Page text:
Just a quick blog post to share this message I received on Facebook during the week:
Just was thinking about why I liked your books so much and I realised it was the ‘real life’ issues which are rarely mentioned in other books. In book 6 with Katy in it I think, the part about world crisis and how you can often feel that you are overloaded and just don’t care anymore, I could really relate to that.
So for anyone who hasn’t read book 6 (SIX TO RIDE), here’s the conversation between 16 year old Katy and her neighbour Phil:
“Do you ever feel like it’s just too hard…to care? Like, when bad things happen around the world – suicide bombings and terrorist attacks and people getting beheaded and there being millions of people living in rat-infested refugee camps and it’s so awful and you feel so bad about it, but then you still have to get up every day and go to school and live your life, and your own problems seem so little and petty but then they’re also like, huge, because they’re the only problems that you’ve got. And then you get upset about stuff, and people are like um at least you’re not living in a rat-infested refugee camp and you know that’s true and you try to see that perspective but it’s so…exhausting,” I told him, my words tripping over each other as I tried to make him understand.
“Like it’s just too hard to care that much about everyone all at once, so you just ignore it as much as possible. Until something really bad happens, something terrible and cataclysmic, and everyone gets really worked up and it’s all over Facebook and there are hashtags and memes and everyone changes their DPs and you do it as well because if you don’t then it looks like you don’t care about other people’s plights, and then someone posts something about how the media is misinterpreting what’s going on or how you’ve only been shown the stuff they want you to see, and that hundreds and thousands more people are dying that you never even hear about. So then you feel shallow and you have to feel bad for those people too, for their problems and because they’re being ignored by the media, and it makes you mad that you’re being manipulated into caring more about some people than others, and you try and wrap your head around how it must feel for people to be in those kind of horrific situations, seeing their families get killed and not being able to go to school for fear of their lives, and you think how grateful you are for where you live and what you get to do in your life.
“But then your mum yells at you for not keeping your room clean, and teachers tell you off for not studying hard enough and it’s like sorry but I have the weight of the freaking world on my shoulders right now, except that I don’t. Not really. Because all those problems are other people’s problems, and my problems are whether I’ve done my homework and whether my room is clean and how my ponies are going and whether my dad just spent a stupid amount of money on a horse I can’t ride. I can’t do anything about whether someone decides to strap a bomb to themselves and kill innocent people. All I can do is write a hashtag and change my profile picture and feel guilty for having a better life than millions of people who are living in rat-infested refugee camps, and then I hate feeling so bad about something I can’t change and I can’t fix and it’s just so…it feels like such a burden, except it’s not, because look at everything we have, and how trivial our problems are…”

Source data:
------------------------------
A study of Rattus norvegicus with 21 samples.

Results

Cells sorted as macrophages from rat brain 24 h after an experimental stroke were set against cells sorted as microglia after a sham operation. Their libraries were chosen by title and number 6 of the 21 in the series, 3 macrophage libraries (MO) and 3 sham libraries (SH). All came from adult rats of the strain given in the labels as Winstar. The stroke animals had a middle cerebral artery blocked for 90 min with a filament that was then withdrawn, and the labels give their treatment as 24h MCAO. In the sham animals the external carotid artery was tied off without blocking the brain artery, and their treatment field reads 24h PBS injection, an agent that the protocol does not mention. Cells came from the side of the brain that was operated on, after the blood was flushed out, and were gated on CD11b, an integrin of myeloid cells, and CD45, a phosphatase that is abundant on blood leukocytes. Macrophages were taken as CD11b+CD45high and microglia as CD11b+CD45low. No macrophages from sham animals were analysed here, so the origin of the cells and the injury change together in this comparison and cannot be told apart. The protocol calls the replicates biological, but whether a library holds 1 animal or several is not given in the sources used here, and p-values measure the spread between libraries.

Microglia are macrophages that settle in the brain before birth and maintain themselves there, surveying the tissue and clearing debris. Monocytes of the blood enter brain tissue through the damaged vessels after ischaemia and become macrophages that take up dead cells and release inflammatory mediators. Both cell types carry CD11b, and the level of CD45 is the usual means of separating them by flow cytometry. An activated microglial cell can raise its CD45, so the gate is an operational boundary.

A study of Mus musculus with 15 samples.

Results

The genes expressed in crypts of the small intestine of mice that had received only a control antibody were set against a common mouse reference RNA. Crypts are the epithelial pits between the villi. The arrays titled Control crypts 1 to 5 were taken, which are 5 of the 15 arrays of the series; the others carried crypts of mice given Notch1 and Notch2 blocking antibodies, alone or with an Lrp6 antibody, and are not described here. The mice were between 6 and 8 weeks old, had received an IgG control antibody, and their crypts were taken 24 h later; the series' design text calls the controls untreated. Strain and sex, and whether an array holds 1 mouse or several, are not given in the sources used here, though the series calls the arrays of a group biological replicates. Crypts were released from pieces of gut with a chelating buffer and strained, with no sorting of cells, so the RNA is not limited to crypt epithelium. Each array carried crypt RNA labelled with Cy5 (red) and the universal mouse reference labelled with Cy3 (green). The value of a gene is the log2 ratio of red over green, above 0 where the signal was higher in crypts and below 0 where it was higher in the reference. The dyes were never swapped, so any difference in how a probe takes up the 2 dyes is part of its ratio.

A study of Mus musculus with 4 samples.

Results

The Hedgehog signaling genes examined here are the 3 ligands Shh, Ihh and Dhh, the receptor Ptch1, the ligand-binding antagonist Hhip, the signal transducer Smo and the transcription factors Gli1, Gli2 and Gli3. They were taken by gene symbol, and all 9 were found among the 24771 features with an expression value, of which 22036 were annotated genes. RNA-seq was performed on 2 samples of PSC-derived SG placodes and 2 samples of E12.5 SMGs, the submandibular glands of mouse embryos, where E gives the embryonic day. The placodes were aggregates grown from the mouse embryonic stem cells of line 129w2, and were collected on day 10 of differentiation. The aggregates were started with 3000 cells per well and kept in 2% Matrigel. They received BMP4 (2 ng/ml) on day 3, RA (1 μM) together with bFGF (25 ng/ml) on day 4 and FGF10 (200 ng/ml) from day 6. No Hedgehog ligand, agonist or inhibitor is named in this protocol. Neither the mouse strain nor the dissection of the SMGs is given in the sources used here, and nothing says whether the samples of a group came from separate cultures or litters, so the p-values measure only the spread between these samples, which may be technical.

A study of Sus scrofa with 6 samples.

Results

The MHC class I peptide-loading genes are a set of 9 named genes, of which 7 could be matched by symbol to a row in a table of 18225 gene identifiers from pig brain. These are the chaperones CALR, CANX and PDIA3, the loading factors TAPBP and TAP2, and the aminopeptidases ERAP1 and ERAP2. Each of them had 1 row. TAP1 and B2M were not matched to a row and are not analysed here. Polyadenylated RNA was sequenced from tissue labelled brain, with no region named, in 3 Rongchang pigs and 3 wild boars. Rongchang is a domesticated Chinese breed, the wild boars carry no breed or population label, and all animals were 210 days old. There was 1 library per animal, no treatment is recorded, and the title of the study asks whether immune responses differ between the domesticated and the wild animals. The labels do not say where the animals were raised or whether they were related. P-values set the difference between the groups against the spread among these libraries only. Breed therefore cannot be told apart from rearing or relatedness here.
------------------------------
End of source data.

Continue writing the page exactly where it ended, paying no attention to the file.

My words petered out at last, my tongue finally tying itself in so many knots that I had to stop. I wondered what Phil was thinking. Probably that I was crazy. I shouldn’t have said anything, should’ve quit while I was ahead, but it was too late now. My guts were officially spilled, and Phil still hadn’t spoken, so I sat up and looked at him, trying to gauge his reaction.
He didn’t meet my eyes. Instead, he was focused straight ahead, his expression tight and his jaw clenched. I thought he was mad, at first, until I realised that his eyes were shinier than usual. Was he…but boys don’t cry. It was the first thing that came into my head, and I shoved it away immediately. Of course they cry. Everyone cries. It’s perfectly normal, and healthy, and I was not going to judge him for it. But it made me uncomfortable. Not because he was a boy, but because crying people always do. I never know what to say to them, and my hugs always seem insincere, no matter how hard I try to make them feel comforting. I wanted to be AJ just then, because she would’ve known what to say and how to reassure him, or how to lighten the mood and stop him from crying, because I knew he didn’t want to be doing that in front of me. He was looking away now, trying very hard not to blink.
He nodded, then raised a surreptitious hand to rub at his damp eyes. “Sorry.”
“Don’t be.” I leaned into his shoulder again, because it was all I could think of to do, and felt him lean back into me, reciprocating my touch. “Never thought anyone would be crying over my first world problems,” I teased, trying for some levity.
“Don’t say that.” Phil’s voice had changed, gone deeper, and I sat up again.
“What? Why not?”
He glared at me, that deep line reappearing between his eyebrows. “That first world problems crap. Because that’s part of the problem. It’s exactly what you’ve just been talking about. Everyone’s problems are their problems, and they still hurt, no matter how big or small they are. They still hurt. So saying your problems are not real problems because there are bigger problems in the world is so unhelpful. Everyone has things in life that suck, it’s just the scale of it that changes. Sometimes people can’t get out of bed in the morning because their arms and legs have been blown off. And sometimes people can’t get up because they just…can’t.”